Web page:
Paul's celebrity dad brought him money, volunteers, name recognition, and media attention, particularly on Fox News. What other Tea Party candidate can match that? ... Democratic turnout was much, MUCH higher than Republican turnout.

And Grayson went to Harvard. Did I say that with enough of a tea-party snarl? But I suspect the small-government integrity of Paul won many over in this anti-government moment. Chait says Paul's win gives the Democrats a chance at the seat:

Democrats will run Jack Conway against Rand Paul. This puts the Kentucky Senate seat in play -- Rand is the favorite but Conway has a shot. I have a pet theory that a politician's name is a major factor -- I'd guess being named "Jack Conway" is worth several points more than being named "Daniel Mongiardo."

Nate Silver:

Because of Paul's impressive 24-point margin of victory, almost any explanation you might proffer probably contains some element of truth. But for all his libertarian and tea-party dressing, Paul in fact ran on a fairly conventional, conservative platform. He's pro-life, anti-gay marriage, anti-immigration ... there are only the faintest hints of libertarianism here.

Tim Mak has a summary of Paul's position on national defense, which is where things get interesting. I want Paul to win this seat, so we can get a fiscal conservative Republican in the Senate who can put defense spending on the table. Rand's position on this is mostly his father's:

Rand Paul has indicated that the possibility of an Iranian nuke doesn’t bother him; that he supports the shuttering of the Guantanamo Bay detention facility; and that he’s shaky on support for the surge in Afghanistan and the war in Iraq.

While Conway has also been hesitant to support the surge in Afghanistan, he has indicated that he favors increasing terrorism prevention funding and pay for active duty personnel. Kentucky’s 344,000 veterans will take note.

Largely for this reason, Frum is distraught:

How is it that the GOP has lost its antibodies against a candidate like Rand Paul? In the past few months, we have seen GOP conservatives rally against Utah Sen. Bob Bennett. There has been no similar rallying against Rand Paul: no ads by well-funded out-of-state groups. Some senior Republicans, like former VP Dick Cheney, indicated a preference for opponent Trey Grayson. But despite Paul’s self-presentation as “anti-establishment,” the D.C. conservative establishment by and large made its peace with him. It is this acquiescence – even more than Paul’s own nomination – that is the most ominous news from tonight’s vote.

Marshall:

[During his speech, Rand Paul] came off to me as arrogant, bellicose and even a little messianic in his demeanor. To put it baldly, he sounded like a jerk...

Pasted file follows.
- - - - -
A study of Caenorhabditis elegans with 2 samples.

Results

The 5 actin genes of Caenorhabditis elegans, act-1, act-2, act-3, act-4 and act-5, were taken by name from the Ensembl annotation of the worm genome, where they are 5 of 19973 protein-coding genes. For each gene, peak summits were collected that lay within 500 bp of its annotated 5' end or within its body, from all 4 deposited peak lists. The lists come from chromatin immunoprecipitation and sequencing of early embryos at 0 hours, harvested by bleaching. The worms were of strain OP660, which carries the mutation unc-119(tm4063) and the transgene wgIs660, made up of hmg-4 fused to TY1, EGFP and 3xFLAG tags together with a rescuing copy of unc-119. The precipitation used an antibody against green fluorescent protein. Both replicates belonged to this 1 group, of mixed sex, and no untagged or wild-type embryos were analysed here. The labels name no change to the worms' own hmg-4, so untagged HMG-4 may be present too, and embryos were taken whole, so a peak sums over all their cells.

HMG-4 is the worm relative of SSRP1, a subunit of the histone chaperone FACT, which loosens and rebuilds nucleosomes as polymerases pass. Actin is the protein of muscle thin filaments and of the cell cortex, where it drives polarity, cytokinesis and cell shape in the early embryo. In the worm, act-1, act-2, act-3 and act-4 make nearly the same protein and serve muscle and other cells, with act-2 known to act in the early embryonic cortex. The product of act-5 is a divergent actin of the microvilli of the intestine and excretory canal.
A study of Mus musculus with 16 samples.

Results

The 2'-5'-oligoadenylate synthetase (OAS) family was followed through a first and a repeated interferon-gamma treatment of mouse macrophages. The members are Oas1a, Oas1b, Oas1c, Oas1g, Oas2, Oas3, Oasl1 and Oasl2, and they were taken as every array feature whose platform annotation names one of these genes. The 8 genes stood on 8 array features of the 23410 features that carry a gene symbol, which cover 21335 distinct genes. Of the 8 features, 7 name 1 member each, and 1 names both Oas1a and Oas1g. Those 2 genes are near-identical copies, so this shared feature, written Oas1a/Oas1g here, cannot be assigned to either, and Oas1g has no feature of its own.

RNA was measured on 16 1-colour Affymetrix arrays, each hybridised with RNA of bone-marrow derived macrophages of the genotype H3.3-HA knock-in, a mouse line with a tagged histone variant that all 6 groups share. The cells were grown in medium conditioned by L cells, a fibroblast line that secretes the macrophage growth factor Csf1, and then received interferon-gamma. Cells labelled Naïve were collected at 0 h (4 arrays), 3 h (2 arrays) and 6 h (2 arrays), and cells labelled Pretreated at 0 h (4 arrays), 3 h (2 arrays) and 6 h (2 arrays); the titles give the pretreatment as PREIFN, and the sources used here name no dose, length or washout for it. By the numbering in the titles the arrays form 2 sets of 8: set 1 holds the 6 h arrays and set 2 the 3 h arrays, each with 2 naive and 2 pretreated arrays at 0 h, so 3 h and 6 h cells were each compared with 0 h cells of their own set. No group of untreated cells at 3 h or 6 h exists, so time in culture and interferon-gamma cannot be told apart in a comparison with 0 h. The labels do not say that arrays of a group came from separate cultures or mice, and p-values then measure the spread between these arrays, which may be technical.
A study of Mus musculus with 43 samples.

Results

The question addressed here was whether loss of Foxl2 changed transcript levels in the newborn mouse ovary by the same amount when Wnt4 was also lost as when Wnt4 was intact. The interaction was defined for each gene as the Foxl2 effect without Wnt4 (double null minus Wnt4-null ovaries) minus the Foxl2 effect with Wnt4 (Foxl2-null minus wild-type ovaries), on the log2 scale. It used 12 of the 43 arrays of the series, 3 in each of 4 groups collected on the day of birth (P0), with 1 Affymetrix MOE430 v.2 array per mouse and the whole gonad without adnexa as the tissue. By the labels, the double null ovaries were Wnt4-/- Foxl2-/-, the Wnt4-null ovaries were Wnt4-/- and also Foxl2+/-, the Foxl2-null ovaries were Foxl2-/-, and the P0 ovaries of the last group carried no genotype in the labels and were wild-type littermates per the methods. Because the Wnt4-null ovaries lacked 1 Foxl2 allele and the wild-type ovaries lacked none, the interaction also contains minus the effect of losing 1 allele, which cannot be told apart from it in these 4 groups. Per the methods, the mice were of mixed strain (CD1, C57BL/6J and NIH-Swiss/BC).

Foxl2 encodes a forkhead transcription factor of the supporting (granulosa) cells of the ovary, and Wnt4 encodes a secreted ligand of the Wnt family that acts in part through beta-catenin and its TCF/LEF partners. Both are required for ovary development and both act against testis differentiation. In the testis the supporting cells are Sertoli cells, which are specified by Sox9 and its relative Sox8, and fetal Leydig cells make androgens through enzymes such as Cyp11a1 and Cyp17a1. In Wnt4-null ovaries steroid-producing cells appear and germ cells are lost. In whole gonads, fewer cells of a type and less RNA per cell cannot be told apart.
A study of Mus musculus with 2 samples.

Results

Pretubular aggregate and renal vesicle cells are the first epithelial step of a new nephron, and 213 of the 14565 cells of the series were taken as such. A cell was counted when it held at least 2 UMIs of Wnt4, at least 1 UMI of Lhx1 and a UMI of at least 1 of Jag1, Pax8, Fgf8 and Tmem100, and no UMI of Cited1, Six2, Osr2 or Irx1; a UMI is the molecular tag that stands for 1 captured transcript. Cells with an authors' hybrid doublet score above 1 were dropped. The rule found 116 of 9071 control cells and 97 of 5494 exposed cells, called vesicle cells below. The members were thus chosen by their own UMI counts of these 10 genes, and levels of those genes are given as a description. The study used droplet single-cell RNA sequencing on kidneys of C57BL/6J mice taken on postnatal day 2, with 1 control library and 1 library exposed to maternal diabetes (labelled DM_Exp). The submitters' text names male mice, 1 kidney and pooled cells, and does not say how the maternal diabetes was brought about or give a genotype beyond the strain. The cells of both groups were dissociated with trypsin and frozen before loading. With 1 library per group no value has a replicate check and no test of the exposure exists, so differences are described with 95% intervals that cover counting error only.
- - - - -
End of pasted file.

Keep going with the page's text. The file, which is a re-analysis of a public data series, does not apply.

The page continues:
In any case, that's actually quite different from his father. I find Ron Paul's politics awful and he's a classic ideologue. But as a person he comes off as pretty humble and even unassuming, which I've always thought is the reason he manages to have a certain degree of crossover popularity despite his draconian and often ugly politics. 

Ambinder:

Rand Paul first attracted attention in Kentucky because he was Rand Paul. Then he married his anti-government message to his father's economic libertarian movement. He parried against an opponent, Secretary of State Trey Grayson, who embodied the establishment. Nevermind that this establishment was doing everything in its power to thwart Barack Obama ... politics doesn't always make sense. But Paul was change. A specific kind of change. He was acceptable enough for frustrated conservative base voters. And he's going to be a tough candidate for Democrats to beat in the fall. 

Yglesias goes further, labeling Rand Paul a "lunatic":

The rise of Rand Paul and his securing the GOP nomination for the Kentucky Senate seat is one of the things that will spark divergent reactions in DSCC headquarters and in the minds of responsible liberals. By nominating a lunatic, Republicans have suddenly taken what should be a hopeless Senate race and turned it into something Democrats can win. At the same time, by nominating a lunatic, Republicans have suddenly raised the odds that a lunatic will represent Kentucky in the United States Senate.

Reason profiled Rand Paul earlier this month:

Unlike his father, Rand opposes civilian trials for terror detainees. He would “ultimately” close Gitmo, but not until it is determined what will be done with the prisoners, who he does not want sent to the United States. In their joint interview, when the elder Paul expressed his opposition to trying suspected terrorists before military tribunals, Rand quipped, “Now my father has only been here for 20 minutes, and you’re already making me disagree with him. We haven’t even had a chance to say hello.” Ron Paul responded, “I think Rand just proved that he’s his own man and can think for himself.”

Bernstein:

Paul may well win the general election, but I continue to think there's a good chance that Republican gains this year will be harmed overall by the nomination of ideologically extreme nominees, and in some cases less capable candidates, and by the pressure in other districts for mainstream conservatives to act as if they were ideologically extreme.  It will be interesting to see how Paul in particular fares in a general election context; Kentucky is a good state for Republicans, and with a mainstream conservative candidate I don't think it would have been a contest, but now I'd expect a fair amount of uncertainty.  The question is how many districts around the nation are having similar results.  Hey, reporters!  More about 2010 House nominees, please!

(Photo: A tea-party protest by Bill Pugliano/Getty.)